How will you deal with each critical stakeholder to ensure support for the change? How can you anticipate what these individuals will think and speak to it during your conversations—perhaps by addressing their concerns from the start? Going to informal power players and getting their take on a change so they are in the know from the beginning might help you to not be steamrolled during a major meeting and have your initiative put on hold or dismissed.

Will you need to modify your proposal to gain enough support by those who could block your plan? Are you willing to modify what you want if someone outside the conversation holds more sway than you, and if so, how? Figure out your negotiables and non-negotiables before the conversation. I watched a block schedule rollout go through many iterations so that it was not opposed or revolted against.

How will you continue to monitor the shifting needs, interests, and political processes as the change unfolds? Remember, these conversations are not one-time talks; they are ongoing processes that will take several discussions and most likely several months or years. It is a marathon, not a sprint. Every hello in the hallway counts. Every exchange is another opportunity to see what the needs are at this time.

How will you work with the covert processes at play during this change? I have seen a dynamic of the good child and the bad child play out between superintendents and principals but no one acknowledged it. I have witnessed “conflict archeology” come to the surface in conversations when the discussion shifted suddenly to someone who worked for the district in the 1990s(!) and took away someone else’s job 30 years ago.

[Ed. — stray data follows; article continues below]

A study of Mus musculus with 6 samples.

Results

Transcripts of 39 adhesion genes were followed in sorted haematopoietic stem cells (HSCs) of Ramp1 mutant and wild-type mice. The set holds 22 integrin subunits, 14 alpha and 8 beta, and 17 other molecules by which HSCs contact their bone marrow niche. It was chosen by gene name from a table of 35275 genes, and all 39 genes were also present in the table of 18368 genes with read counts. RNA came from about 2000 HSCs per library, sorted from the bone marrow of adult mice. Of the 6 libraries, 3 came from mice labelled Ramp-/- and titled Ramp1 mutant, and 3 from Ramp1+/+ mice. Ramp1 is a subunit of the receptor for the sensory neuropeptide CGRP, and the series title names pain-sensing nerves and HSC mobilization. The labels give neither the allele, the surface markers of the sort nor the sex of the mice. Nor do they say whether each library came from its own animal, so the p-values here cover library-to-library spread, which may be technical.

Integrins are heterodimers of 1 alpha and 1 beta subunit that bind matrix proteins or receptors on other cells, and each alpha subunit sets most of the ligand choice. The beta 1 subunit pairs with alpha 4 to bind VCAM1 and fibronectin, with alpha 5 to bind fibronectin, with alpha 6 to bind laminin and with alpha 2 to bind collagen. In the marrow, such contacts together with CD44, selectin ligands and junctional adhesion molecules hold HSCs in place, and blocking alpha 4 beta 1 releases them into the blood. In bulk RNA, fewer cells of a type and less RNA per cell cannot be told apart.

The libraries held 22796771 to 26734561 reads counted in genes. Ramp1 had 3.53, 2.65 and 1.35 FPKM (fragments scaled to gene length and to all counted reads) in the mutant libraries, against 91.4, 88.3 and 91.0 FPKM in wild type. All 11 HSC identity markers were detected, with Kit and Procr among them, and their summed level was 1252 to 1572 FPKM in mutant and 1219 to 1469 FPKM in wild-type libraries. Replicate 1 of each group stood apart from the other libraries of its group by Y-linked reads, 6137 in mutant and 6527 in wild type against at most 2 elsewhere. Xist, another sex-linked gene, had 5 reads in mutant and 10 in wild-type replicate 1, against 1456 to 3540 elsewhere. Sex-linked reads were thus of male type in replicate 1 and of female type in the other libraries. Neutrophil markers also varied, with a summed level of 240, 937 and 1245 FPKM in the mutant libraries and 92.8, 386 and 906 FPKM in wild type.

To make systems change, you need to be organizationally savvy; here's how to see if you are

We bring our histories with us to the present. I call this bringing historical and personal baggage with you to the professional present. Make overhead bin space available because no one comes alone. It is key to have enough emotional or psychological intelligence to be able to deal with the unconscious defenses that will come into play.

If you want to make systems change, it’s critical to be organizationally savvy. There are organizational biases and processes at work even if we don’t want to see them. It isn’t all about the kids. All of us need to understand what isn’t being said as much as what is, because it impacts our ability to be influential and make the changes we want to see.

About the Author:

Jennifer Abrams is an international education and communications consultant. She considers herself a voice coach, helping others learn how to best use their voices–be it collaborating on a team, presenting in front of an audience, coaching a colleague, or supervising an employee. Abrams’ books include Having Hard Conversations, The Multigenerational Workplace: Communicate, Collaborate, and Create Community, and Hard Conversations Unpacked: the Whos, the Whens, and the What Ifs. She has also created a Corwin Press e-course. Abrams writes a monthly newsletter/blog, Voice Lessons, at www.jenniferabrams.com. Follow her on Twitter @jenniferabrams.